Leaders: Are You Making the Important Connections?

How is it that days go by with certain priorities still looming and undone? My forthcoming book, Jumping From the I-pod to the We-Pod: Breaking Through the Barriers to Essential Collaboration is our format for making connection the number one tool for getting things done and projects completed.

Leaders are expected to have ideas and solutions. One of the most effective tools for creating solutions is to have the benefit of connections that you can count on for discussion and clarity. In most organizations the time for connection is not a priority; but I am advocating making this a priority so that, when needed, there is a quick and clear ability to communicate and move forward with clarity.

If you are a leader who wants to break through the barriers to essential collaboration, there is an important practical step you must take: make regular appointments with colleagues who are your peers, as well as the team members that you lead.

One of the basic issues in organizations is the lack of connection between peers. Some thought leaders suggest that the team of which you are a member, your team of peers, is the primary team, while the team you lead is the secondary one. In my experience of working with teams, especially leadership teams, I have found that most leaders are more concerned about the team they lead rather than their team of peers where the ability to create more strategic results and innovation exists.

When meeting with colleagues, asking questions can be more important and more effective than any information you might impart. As a mentor to the team you lead, the way to move a team agenda forward is to create questions to ask each team member which, when answered, gives them an opportunity to share themselves and their knowledge with their colleagues, and to build trust. Often leaders approach team members with an issue beginning with phrases that create defensiveness instead of problem solving. With peers, the opportunity to problem-solve and to move the organizational agenda forward is available; if you give it priority and time to develop.

In the team development model used for Jumping from the I-Pod to the We-Pod, much time is spent in breaking the barriers to essential communication and collaboration. One of the biggest barriers to overcome is fear or mistrust, so asking questions and seeing the answers as a fund of knowledge for success can be quite powerful.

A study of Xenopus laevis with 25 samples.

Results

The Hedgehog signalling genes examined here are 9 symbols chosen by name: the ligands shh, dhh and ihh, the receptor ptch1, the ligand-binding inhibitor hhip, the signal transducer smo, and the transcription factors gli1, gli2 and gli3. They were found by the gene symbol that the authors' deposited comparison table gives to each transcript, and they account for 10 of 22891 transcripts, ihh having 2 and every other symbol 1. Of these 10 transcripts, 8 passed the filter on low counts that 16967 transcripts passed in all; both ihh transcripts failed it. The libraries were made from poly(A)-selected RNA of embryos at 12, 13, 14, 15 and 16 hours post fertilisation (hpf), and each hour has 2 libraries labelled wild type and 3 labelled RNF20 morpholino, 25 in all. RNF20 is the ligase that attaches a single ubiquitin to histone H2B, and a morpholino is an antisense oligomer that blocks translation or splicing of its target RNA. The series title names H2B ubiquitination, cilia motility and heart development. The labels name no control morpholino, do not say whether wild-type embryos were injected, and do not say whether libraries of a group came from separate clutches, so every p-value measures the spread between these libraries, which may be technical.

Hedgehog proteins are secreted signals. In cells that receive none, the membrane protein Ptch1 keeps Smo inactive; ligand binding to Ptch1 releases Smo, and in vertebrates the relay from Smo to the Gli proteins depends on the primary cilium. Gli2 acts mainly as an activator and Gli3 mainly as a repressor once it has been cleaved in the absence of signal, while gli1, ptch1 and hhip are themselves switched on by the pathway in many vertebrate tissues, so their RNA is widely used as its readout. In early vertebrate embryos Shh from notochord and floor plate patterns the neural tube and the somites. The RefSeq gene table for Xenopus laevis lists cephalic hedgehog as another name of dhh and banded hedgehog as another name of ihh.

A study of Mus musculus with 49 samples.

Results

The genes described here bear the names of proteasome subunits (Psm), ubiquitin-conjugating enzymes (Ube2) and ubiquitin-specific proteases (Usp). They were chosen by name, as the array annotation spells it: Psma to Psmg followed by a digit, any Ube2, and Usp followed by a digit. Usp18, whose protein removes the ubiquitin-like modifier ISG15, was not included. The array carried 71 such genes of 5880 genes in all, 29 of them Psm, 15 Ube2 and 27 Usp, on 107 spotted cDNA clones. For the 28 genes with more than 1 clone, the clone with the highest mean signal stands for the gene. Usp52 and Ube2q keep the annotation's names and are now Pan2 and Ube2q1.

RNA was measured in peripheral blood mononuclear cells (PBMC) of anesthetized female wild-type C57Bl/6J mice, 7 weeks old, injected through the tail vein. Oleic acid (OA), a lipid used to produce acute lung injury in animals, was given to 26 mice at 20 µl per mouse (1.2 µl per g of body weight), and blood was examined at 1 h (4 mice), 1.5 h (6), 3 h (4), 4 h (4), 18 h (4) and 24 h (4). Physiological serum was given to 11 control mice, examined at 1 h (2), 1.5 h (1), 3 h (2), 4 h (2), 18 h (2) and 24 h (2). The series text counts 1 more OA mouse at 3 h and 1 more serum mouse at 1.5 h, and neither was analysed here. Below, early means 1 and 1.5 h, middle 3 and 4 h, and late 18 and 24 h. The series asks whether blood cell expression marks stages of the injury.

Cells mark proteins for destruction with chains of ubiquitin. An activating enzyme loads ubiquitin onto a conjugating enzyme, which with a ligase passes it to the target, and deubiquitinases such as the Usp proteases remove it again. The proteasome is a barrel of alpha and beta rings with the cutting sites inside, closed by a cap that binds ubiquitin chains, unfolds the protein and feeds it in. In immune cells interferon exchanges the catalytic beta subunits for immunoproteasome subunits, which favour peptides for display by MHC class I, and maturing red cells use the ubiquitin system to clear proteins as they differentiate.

Essential Collaboration is necessary for building and sustaining the business, as well as for innovation. In order to have conversations that create essential connection, it is important to make asking questions or inquiry a major part of your agenda in order to get to the heart of the matter. These are not challenging questions, rather they are requests for information that help you understand what is important to the other person.

As a coach and consultant it is my job to ask questions to assist you in identifying the priorities that are important and the actions that will bring the results.

For example, recently I was talking with the new CEO of a large non-profit organization. As we explored the coming year with his team, I began asking him some questions. You can imagine that leading in a new context can seem overwhelming at first, and I was talking to an experienced CEO who has led other organizations. His leadership skills were developed, however, because this was a new place with a new culture, discovering how it operates and what changes are needed to bring it into the current context was essential.

Challenging people is not the first step; finding out what is important to them is. The following questions helped my client clarify his priorities and next steps:

  1. How did you get started?
  2. Where do you wish you were making faster progress?
  3. What are the most exciting parts of the job?
  4. Are there things you need to de-emphasize or stop doing?

These questions are ones I often ask as a coach as I assist executives to look at strategy and priorities, and they are questions you can ask yourself as you prepare for conversations with colleagues and your direct reports. Often questions like these allow you to move “out of the box” and become more aware of what is important and what actions need to be taken to move forward.

Please share your own thoughts and experiences by posting a comment.  I’d enjoy hearing from you!